Over the past 10 years, Tehran Municipality has been praised for its Bus Rapid Transit system, a dedicated line for double-cabin buses that traverses north to south on Valiasr Street and east to west on Enqelab Street.
Tehran’s BRT, which was officially inaugurated in 2008 by Tehran Mayor Mohammad Baqer Qalibaf, transports an average of two million passengers daily. The total length of BRT in Tehran is about 150 km, including six active lines.
Qalibaf won acclaim for his forward thinking on tackling traffic issues. By removing cars entirely from one stretch of the road, the mayor considerably reduced transport times across the city, according to an independent study in 2013.
The response at first was tepid as many car owners and taxi drivers complained about the curbs on driving space, but over time city dwellers appreciated the savings in time and money. They could leave their vehicles at the various “Park & Ride” venues and jump onto the bus.
Currently, BRT plays an important role in transporting passengers across the capital city. According to approved development plans, the number of buses working in these lines has increased to 11,000 by the end of 2014, which has likely increased further as more roads have been dedicated to the fast moving system.
“The municipality allocated budgets to expand BRT network in the city during the last few years,” Peyman Sanandaji, managing director of Tehran and Suburbs Bus Company, said during a ceremony to mark the extension of the line in 2013.
As the world moves toward automation and drivers begin to play a less important role in the act of moving people from Point A to Point B, the authorities explore alternatives to mobilize Tehran’s transportation potentials.
Iran may be behind the curve currently. However, with the dissolution of sanctions in the next few months, Iranian carmakers should not just be looking at the short-term gains of introducing new models, but should be looking at the larger picture of improving transportation.
This coupled with the rise in services like Tehran’s Subway have already begun to feed into the millennial urge not to have to pay extra for a vehicle when one can use cheaper and faster means of public transportation.
The insatiable appetite of the Iranian market for cars is in part due to the traditional mindset concerning transportation.
However, the spike in vehicle numbers in the coming years will lead to a gradual replacement of older cars with both local and foreign counterparts.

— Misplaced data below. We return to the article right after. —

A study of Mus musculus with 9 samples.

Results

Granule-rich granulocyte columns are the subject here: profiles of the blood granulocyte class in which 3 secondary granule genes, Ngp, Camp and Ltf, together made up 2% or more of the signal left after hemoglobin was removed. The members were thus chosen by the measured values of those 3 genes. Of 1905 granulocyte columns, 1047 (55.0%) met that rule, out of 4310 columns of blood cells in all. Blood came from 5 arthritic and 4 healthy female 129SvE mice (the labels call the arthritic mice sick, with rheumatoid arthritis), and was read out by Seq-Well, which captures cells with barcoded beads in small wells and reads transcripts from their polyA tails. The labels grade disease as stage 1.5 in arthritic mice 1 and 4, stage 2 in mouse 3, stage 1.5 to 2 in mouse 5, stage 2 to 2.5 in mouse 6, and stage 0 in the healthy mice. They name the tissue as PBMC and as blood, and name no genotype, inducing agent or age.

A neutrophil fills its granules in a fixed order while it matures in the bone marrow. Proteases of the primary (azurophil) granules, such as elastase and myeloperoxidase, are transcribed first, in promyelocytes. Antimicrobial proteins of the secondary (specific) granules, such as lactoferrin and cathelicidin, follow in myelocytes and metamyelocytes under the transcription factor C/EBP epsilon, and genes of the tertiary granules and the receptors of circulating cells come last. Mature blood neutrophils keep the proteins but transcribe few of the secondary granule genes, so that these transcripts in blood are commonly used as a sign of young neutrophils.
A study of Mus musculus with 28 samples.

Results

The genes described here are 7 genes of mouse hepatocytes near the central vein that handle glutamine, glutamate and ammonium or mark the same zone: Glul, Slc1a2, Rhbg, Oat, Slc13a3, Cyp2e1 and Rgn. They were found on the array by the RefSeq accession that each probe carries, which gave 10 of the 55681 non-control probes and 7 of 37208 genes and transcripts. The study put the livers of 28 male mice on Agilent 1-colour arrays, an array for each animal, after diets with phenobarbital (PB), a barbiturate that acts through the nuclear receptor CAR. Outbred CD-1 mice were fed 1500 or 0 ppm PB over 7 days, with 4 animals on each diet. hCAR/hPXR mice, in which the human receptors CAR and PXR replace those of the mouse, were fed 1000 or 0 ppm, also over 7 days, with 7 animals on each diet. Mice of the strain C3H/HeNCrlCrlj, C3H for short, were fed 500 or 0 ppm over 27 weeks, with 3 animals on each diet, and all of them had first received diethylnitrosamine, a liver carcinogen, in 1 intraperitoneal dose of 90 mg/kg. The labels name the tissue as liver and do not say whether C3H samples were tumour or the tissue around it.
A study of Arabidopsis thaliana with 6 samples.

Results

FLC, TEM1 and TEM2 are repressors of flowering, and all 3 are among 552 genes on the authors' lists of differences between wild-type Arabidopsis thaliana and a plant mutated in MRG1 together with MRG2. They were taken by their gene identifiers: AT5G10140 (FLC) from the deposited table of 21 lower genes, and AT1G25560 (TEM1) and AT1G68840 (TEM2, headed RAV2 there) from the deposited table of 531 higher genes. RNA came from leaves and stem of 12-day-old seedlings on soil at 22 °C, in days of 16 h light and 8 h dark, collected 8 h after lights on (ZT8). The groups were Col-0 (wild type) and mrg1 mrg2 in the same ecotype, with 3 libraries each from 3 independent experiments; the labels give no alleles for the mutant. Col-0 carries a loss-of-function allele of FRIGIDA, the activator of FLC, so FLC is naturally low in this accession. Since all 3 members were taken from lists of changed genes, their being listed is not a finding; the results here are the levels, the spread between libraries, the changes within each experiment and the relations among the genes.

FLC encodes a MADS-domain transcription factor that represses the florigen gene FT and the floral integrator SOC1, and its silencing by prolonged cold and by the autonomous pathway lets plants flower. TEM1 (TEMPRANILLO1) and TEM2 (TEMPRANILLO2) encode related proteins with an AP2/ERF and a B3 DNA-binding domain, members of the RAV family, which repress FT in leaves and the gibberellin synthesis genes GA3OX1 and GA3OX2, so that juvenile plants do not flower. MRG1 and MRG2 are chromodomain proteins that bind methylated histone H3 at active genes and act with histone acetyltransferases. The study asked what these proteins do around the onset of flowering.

But when the market is saturated and the roads become more congested, the same situation that happened in many European countries will likely repeat in Tehran.
This could be around 2025 by some generous estimates.
What should naturally follow BRT is the Personal Rapid Transit, an automated vehicle that runs on set routes. This new type of transportation could in theory be a valid automated replacement for the countless small and large vehicles in major cities.
These electric PRT vehicles (the size of minibuses) could also replace many of the less busy bus lines with their offering of green, cheap and reliable options.
PRT is likely to be the largest transformative form of transportation in Iran and its expansion could dent the need for expanding the taxi fleet. Trials in the United Kingdom and the UAE’s Masdar City have shown that rather than being just a flight of fancy, public transportation systems like PRT play a crucial role in the mix of urban travel.
In the US city of Austin, Texas, two businessmen have begun a campaign to have the PRT systems in their city as well. According to TWC news, a spokeswoman for the entrepreneurs said the system would run on tracks over Austin’s streets and sidewalks, and cost one-tenth the price of light rail.
Whether the vehicles will replace cars entirely remains to be seen. However, the long-term viability of these vehicles remains an interesting proposition, as they can move smaller groups of people while the regular BRT operates on crowded routes.